On Wednesday, January 6th, and as I reported, Oculus VR announced the price of the first generation Oculus Rift VR headset as being US $599 (€699 in Europe and £499 in the UK) + shipping at applicable taxes, with the unit available for pre-order.
The price has caused some consternation around the globe, even though Palmer Luckey had, since September 2015, been indicating the headset would be more than the assumed price of US $350, as my colleague Ben Lang over at The Road to VR quoted Luckey saying at the time.
As it is, the Oculus Rift is apparently heavily subsidised by Facebook; had it not been so, then the price might have been north of the US $1,000 mark . Further, and like it or not, the HTC / Valve Vive is likely to have a price point somewhat more than the Rift – although it will include hand controllers and room sensors, which the Rift does not. In addition, the latest version of the Vive sports a “chaperone system”: a front-mounted camera which allows the user to overlay their VR environment with images of the room around them, making for easier physical movement when using the headset.
Elsewhere, there has been speculation about the possible price of Sony’s PlayStation VR (PSVR), particularly after Forbes reported Amazon Canada had it listed at CAN $1,125 (roughly US $800). The listing price was later removed, with Sony stating it was an error and that the final price of the PSVR has yet to be determined – but it has left people wondering.
And while the Oculus Rift price may seem steep, it might be worth pointing out that the Vuzix iWear, an OSVR-based headset initially aimed at the immersive film experience, but capable of supporting VR games and applications, is currently available for pre-order at US $499, and comes with a specification somewhat below that of the Rift.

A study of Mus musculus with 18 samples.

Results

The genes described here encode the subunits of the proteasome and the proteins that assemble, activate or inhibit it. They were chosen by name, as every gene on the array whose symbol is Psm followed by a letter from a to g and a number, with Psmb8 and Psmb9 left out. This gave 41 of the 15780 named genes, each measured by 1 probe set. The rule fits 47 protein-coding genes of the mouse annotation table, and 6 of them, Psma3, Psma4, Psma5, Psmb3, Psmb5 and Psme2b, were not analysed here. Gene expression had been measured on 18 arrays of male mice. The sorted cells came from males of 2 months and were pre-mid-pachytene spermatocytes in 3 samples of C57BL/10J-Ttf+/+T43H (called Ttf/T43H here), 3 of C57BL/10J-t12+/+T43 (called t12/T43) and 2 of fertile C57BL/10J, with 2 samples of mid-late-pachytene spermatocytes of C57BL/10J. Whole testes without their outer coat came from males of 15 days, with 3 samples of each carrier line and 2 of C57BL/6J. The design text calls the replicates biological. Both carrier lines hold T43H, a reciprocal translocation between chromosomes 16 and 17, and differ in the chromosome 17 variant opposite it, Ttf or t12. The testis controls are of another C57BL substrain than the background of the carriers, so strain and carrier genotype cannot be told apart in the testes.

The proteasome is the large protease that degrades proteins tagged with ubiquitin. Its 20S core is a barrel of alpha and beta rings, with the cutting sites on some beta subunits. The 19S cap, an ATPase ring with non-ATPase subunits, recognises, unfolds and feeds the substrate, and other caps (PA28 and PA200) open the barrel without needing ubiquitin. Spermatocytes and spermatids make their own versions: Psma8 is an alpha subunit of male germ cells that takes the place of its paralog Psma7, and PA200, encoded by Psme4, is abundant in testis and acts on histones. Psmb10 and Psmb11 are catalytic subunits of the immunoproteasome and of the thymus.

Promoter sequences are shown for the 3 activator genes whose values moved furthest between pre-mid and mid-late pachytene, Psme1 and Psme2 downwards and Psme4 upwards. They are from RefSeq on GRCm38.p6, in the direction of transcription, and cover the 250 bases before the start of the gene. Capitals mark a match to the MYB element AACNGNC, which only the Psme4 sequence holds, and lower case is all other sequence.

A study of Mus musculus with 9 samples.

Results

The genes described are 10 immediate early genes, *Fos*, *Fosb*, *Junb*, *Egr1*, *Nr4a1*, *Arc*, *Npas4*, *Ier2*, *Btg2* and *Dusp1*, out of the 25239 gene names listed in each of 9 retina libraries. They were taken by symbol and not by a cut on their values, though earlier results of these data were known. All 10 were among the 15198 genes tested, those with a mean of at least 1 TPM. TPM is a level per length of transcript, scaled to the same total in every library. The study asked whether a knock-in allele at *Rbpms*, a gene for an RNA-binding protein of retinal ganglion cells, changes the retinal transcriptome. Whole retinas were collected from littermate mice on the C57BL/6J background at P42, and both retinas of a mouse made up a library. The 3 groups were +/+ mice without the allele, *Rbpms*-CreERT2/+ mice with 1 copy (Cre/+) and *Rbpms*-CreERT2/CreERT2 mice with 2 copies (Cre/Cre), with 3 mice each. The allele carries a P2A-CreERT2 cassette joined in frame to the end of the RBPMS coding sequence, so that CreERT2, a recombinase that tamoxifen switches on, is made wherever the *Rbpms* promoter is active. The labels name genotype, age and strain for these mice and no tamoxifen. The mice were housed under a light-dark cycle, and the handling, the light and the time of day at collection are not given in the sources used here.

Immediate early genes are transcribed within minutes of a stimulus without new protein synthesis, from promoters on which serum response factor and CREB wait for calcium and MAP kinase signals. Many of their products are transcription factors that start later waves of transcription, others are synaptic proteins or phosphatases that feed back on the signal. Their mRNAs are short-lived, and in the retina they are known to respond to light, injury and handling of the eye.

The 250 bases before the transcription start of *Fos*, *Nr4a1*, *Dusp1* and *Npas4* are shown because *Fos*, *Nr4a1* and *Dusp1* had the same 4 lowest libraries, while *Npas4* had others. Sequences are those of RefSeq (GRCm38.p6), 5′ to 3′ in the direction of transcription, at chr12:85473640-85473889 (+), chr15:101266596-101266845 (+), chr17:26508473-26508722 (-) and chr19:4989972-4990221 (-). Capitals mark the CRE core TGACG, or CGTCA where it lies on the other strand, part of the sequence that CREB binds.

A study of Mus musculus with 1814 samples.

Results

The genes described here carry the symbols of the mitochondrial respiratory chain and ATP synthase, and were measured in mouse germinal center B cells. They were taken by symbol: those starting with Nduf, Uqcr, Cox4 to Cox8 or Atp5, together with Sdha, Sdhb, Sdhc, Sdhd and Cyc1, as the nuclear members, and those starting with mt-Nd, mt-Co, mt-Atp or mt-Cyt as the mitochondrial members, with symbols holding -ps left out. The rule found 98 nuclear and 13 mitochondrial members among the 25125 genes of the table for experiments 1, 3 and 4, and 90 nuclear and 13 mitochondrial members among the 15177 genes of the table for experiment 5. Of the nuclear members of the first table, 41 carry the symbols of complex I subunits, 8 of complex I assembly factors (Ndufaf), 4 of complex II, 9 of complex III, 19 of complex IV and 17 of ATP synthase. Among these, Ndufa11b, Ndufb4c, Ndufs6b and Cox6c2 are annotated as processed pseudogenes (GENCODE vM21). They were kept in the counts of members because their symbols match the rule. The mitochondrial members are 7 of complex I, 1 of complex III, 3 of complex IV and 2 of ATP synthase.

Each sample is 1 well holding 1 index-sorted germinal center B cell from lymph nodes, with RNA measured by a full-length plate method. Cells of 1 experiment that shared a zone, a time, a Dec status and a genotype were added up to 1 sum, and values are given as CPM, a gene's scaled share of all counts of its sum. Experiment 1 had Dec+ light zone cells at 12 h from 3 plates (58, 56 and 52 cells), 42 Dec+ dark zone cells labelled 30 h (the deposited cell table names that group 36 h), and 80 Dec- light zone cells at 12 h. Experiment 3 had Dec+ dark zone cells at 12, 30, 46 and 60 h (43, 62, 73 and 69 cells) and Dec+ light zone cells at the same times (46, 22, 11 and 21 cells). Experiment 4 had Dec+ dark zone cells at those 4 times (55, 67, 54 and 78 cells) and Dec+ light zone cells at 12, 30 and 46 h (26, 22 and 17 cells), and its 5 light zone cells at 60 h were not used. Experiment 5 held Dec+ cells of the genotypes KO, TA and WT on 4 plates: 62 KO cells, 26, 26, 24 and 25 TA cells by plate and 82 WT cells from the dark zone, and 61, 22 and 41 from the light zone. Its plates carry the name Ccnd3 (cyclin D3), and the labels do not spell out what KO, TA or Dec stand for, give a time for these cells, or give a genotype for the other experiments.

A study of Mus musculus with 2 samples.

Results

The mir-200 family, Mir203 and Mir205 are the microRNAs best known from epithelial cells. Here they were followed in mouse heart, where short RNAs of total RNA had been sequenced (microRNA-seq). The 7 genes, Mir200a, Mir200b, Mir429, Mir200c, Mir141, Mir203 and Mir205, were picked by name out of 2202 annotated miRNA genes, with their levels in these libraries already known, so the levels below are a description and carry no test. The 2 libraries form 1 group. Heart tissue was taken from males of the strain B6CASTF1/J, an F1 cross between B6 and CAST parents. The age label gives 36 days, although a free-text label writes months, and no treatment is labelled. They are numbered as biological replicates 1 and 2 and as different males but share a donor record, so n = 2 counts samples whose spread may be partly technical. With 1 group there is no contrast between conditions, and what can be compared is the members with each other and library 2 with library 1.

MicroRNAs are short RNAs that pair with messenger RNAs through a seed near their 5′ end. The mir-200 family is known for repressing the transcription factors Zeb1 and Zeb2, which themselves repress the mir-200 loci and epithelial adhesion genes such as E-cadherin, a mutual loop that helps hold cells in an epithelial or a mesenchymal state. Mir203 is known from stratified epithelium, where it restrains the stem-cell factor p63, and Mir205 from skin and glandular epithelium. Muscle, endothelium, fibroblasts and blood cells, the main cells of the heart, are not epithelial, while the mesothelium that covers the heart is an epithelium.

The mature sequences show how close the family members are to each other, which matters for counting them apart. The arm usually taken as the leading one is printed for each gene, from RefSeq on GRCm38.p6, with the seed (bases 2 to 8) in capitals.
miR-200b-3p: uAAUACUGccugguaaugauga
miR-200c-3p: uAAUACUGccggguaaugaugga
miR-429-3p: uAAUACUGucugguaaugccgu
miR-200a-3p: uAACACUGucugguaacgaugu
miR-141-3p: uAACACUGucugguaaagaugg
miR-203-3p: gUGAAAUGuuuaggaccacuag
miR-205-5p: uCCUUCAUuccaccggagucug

So does this mean the US $599 price tag for the Oculus Rift is justified? Given that the first pre-order batch apparently sold-out within minutes, one might be tempted to say “yes”. However, the initial rush could be deceptive; while there are undoubtedly a lot of early adopters out there willing to pay a premium for the hardware, they aren’t likely to be in the majority.
And here is where consumer-focused VR could end-up being hoist by its own petard, and in a number of ways, some of which are pointed to by Chris Kohler, writing at Wired.
The first is that VR as a term is already being badly abused.Much is made of 360-degree video (already a thing through Google Cardboard systems), but it really isn’t VR as many would accept it.
The second is there is already a rising tide of headsets offering “VR experiences”. Most of these are (again) Cardboard-based and utilised a mobile ‘phone. The problem here is that inevitably, the quality of the experience isn’t all it could be. What’s more, it often hooks back into the idea that VR is pretty much stuff like 360-degree video.
The issue here is that despite these factors, these low-end headsets and units such as Samsung’s Gear VR, are presenting VR as something that’s easily affordable (given most people are liable to have a suitable ‘phone to use with them). The experience may not be terribly clever when compared to the Rift or the Vive – but it is there, and it is coupled with a possible perception that VR is about 360 film / sports experiences.
Thus, unless the Rift and the Vive et al can convince the greater populace they offer a truly unique, high-end, head-and shoulders-above-the-rest type of VR experience that instantly compels people to shell out the readies for them, there is a risk that they could be seen a “just another headset”, and passed by in favour of the cheaper albeit less capable headsets, at least until the price point is seen to come down – and that could put something of a pin in the side of the VR bubble, if only in the short-term.